Woodrow Wilson was only the second Democratic president since the Civil War and the first teacher — a professor at Princeton — ever elected president. He promised a program of New Freedoms, which included antitrust action, tariff revision, and reform in banking.

A man of serious purpose (and the second great president, after Teddy Roosevelt, to be a historian), Wilson went after a clear program and got what he fought for on the domestic front.

He got real reductions in the cost of imported goods in the Underwood Tariff Bill (1913). By taking the unprecedented step of going to Congress himself and appealing to the American people to watch their representatives for last-minute special-interest tricks, Wilson got a bill that really reduced import fees. Because the passage of the Sixteenth Amendment (1913) allowed for an income tax, Congress slapped on a modest charge on all incomes over the equivalent of $65,000 in modern money ($3,000 back then). By 1917, income tax passed tariff receipts as the largest share of the federal income.

Example

Question: When did taxes on imports stop being the largest share of federal income?

Answer: With the passage of the income tax in 1917.

The Federal Reserve Act

Clearly, the banking system needed some help. The Banker's panic of 1907 had shown that the government could ease financial downturns if it had some extra cash to throw into the game when times got tough. Wilson went directly to Congress and got the Federal Reserve Act (1913), one of the most important economic landmarks in U.S. history and still the law of the land.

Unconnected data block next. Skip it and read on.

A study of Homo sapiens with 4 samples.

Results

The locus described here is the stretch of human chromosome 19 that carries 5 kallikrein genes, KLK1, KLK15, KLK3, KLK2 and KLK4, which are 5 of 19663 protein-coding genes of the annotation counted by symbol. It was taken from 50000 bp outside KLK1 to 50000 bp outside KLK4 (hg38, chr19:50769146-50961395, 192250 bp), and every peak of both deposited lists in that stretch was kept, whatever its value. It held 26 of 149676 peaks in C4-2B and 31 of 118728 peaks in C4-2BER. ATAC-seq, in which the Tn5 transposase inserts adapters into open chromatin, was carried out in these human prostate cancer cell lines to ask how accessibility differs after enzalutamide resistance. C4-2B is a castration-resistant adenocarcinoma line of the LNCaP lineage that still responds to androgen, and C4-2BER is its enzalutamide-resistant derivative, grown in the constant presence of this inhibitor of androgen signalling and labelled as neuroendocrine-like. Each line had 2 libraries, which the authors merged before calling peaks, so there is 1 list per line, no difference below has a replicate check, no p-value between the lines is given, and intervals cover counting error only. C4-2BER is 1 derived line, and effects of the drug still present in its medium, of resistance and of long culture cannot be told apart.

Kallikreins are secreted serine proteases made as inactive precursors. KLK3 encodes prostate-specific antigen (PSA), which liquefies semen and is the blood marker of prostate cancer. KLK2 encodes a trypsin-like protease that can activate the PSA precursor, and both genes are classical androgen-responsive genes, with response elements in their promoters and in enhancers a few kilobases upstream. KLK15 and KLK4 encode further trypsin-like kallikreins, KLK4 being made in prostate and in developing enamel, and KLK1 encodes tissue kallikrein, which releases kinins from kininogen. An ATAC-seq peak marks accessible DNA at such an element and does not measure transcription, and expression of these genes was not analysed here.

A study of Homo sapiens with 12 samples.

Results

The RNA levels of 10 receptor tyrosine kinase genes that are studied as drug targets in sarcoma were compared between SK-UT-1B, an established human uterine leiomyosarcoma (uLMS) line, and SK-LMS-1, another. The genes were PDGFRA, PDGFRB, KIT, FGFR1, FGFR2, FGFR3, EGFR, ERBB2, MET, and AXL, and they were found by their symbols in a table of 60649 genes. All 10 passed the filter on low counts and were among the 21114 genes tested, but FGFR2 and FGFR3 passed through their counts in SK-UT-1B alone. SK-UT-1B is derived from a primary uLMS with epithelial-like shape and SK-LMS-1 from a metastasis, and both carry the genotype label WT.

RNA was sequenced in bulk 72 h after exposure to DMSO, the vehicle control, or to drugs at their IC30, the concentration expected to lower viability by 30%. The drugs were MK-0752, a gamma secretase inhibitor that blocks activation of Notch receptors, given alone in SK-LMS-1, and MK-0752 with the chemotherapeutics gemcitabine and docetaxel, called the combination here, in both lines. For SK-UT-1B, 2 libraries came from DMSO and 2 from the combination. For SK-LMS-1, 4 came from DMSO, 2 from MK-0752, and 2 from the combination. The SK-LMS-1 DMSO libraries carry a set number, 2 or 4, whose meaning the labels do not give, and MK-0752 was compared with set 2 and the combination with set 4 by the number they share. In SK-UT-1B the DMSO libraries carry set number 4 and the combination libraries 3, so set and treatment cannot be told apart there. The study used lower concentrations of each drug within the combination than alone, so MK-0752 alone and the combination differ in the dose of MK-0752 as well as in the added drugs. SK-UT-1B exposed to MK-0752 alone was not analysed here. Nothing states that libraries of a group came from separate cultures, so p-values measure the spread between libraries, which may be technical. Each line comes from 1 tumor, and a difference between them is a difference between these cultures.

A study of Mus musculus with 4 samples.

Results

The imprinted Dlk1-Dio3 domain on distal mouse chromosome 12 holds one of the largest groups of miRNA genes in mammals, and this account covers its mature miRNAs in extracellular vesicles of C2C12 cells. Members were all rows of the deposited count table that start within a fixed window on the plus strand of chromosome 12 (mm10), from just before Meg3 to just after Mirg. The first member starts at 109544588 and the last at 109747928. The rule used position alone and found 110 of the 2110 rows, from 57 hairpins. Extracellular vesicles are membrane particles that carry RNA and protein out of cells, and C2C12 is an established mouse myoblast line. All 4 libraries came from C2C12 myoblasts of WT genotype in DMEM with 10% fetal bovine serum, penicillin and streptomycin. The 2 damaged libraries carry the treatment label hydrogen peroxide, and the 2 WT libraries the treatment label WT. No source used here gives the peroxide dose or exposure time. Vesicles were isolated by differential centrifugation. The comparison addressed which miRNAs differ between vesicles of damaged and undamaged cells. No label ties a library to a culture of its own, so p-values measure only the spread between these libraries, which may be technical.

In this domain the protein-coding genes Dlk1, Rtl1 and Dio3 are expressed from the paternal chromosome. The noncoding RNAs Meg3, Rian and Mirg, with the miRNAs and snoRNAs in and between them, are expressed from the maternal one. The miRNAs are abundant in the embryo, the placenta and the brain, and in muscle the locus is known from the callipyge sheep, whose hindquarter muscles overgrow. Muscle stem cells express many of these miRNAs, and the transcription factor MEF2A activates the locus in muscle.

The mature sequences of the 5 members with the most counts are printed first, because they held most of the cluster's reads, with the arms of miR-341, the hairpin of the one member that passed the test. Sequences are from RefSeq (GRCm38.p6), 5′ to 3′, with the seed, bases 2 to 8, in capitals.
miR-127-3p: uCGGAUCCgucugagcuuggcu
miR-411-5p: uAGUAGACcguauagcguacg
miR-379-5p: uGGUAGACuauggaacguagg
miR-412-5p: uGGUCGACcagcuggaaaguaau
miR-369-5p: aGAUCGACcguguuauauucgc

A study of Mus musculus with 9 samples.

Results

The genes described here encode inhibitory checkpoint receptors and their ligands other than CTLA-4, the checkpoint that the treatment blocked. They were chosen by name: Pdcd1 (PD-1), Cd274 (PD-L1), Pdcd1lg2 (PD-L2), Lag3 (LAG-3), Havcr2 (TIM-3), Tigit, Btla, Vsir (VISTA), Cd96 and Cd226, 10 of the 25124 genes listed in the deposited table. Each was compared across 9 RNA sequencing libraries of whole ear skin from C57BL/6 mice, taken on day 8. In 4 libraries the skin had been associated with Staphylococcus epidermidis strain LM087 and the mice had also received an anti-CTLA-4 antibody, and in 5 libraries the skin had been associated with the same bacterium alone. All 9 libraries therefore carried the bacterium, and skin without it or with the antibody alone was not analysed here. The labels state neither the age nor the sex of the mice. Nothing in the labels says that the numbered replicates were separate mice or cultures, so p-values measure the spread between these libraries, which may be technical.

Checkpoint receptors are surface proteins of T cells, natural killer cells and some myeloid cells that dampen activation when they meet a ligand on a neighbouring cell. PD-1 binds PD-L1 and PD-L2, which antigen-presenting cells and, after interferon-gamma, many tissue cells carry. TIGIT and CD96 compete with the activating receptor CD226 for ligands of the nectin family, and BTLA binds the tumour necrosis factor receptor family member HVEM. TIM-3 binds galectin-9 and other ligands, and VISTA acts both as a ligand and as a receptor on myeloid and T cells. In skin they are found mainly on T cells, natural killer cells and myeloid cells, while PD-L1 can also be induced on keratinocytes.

What the Federal Reserve Act did was establish a national system of 12 privately owned regional banks under the central authority of the Federal Reserve Board appointed by the president and Congress. In this public/private establishment, the regional banks can issue Federal Reserve System Notes for private money backed by the government, but only under direction from the government-controlled Federal Reserve Board.

With the power of private enterprise and the control of central government policy, the government spaced the regional banks around the country to try to minimize the control of Wall Street New York money. Still, New York remained the financial capital no matter how many solid-looking bank buildings the rest of the country got.